Commercial Lawn Disease Control

Understanding Necrotic Ring Spot and Ascochyta

Commercial lawn disease control for large-scale properties which can suffer from large-scale turf diseases. Left untreated, they can spread and become even more difficult and costly to treat. It is in the best interest of your property to treat your lawn at the first sign of trouble.

Since 1947, Swingle has been working to keep Colorado commercial property lawns healthy and disease-free. But lawns, like people, can suffer from stress. Dead patches or brown rings, which can be a sign that your lawn needs our help.

Does your Lawn Suffer from Dead Spots or Dead Patches?

Necrotic Ring Spot Control

The most common Colorado lawn disease is Necrotic Ring Spot (NRS), a perennial lawn fungus that causes round or doughnut-shaped patches of dead grass. This soil borne fungus affects Kentucky Bluegrass. Although NRS thrives in our arid climate and weather conditions, it can be controlled by the use of resistant varieties, good turf management practices and fungicide applications.

Necrotic ring spot, lawn care disease

Necrotic Ring Spot (NRS) is a fungal disease affecting stressed lawns and is active from May until October. NRS first appears as small, scattered, straw colored patches. As it progresses, the rings become crater like scars. Often tufts of green grass remain in the center, giving the lawn a frog eye appearance. Swingle’s Marathon program, along with your everyday good lawn care practices, can better suppress this disease.

What we do:

Aeration: NRS is a soil born fungus that damages the root system of your lawn. Aeration loosens up the soil to allow air, water, and nutrients to penetrate the root-zone. This promotes additional growth speeding lawn recovery. We recommend aeration for NRS affected lawns twice a year, during the spring and fall months.

Fertilization / Weed Control / Insect Control: Our patented, programmed released fertilizer provides superior results in our Marathon NRS program over other fertilizers. Our fertilizer releases slowly and is only applied once in a growing season. The slow release of nutrients helps the grass grow steadily promoting healthy root growth while maintaining a green lawn.

Fungicide Treatment: For moderate to severe disease, we recommend a fungicide treatment that must be applied one time per year in the spring. Improving your lawn’s condition from NRS requires staying consistent with your recommended NRS program. Results are not immediate, it requires a minimum of 2 years of recommended treatments for suppression of this disease.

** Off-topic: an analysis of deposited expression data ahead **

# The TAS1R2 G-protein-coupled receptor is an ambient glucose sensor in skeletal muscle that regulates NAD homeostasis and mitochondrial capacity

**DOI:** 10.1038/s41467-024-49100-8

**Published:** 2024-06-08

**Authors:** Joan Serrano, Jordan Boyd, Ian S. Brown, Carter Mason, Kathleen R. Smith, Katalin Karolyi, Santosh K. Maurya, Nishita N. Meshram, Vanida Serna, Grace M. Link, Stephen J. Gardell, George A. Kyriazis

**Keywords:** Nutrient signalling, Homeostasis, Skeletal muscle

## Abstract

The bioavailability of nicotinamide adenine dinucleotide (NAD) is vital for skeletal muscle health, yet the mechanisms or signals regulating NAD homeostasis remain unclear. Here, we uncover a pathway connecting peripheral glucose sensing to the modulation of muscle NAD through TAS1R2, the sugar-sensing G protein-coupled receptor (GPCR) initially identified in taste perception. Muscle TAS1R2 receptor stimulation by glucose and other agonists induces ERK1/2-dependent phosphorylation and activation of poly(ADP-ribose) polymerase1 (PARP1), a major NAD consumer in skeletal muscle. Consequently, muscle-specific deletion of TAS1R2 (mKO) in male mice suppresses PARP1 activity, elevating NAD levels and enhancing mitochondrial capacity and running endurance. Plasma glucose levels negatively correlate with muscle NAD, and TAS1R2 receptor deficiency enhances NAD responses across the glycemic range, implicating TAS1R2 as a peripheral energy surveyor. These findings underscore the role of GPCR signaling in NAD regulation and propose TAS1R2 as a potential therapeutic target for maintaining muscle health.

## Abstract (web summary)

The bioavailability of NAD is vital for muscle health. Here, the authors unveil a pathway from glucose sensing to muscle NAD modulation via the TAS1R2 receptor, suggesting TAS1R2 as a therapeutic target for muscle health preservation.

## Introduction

What you do:

Mowing: The highest setting on your lawn mower will help shade the soil, keeping the roots cooler in the hotter months. A taller lawn height also conserves moisture and promotes lateral growth to thicken the lawn. A sharp mower blade will also improve the general health and appearance of the lawn. (2 1/2” to 3” mow height)

Watering: During the growing season two fifteen minute watering cycles, once in the morning and once in the evening are recommended for areas of your lawn suffering from NRS. Watering during over winter and during dry periods is critical to reducing the stress which aggravates NRS.

Reseeding: Often over-seeding with a blend of disease resistant seed will help re-established your lawn in damaged areas. We recommend a blend containing perennial ryegrass.

Results: We do not guarantee control for Necrotic Ring Spot. We have found, however, that improved lawn care practices can greatly reduce the scarring that occurs. Following our recommendations for both lawn care practices and treatment will help suppress NRS damage. In turn, this will encourage new growth which will fill in old NRS scars and improve your lawn’s health and appearance.


Ascochyta – Kentucky Bluegrass Fungal Disease

Ascochyta is another common lawn disease. A fungal disease that occurs with Kentucky Bluegrass, it’s most prevalent in the spring and summer when lawns are stressed due to variable moisture conditions and temperature fluctuations. It can occur throughout the growing season.


Individual blades start dying back from the tips, withering towards the base of the grass blade causing the leaf tip to appear pinched. In most cases, pockets of infection will cause a patchy or streaked appearance.

The area will recover in 2-3 weeks with additional watering and mowings.


What can be done?

  •      Core aerate to reduce thatch buildup.
  •      Keep mower blades sharp.
  •      Mow grass to a height of 2 1/2 to 3 inches.
  •      Water in the morning so leaf blades can dry quickly.
  •      Water the affected area with more water less often.
  •      Use a soil conditioner such as REVIVE to improve your lawns water efficiency.


If you believe you have a lawn disease on your property, contact Swingle immediately.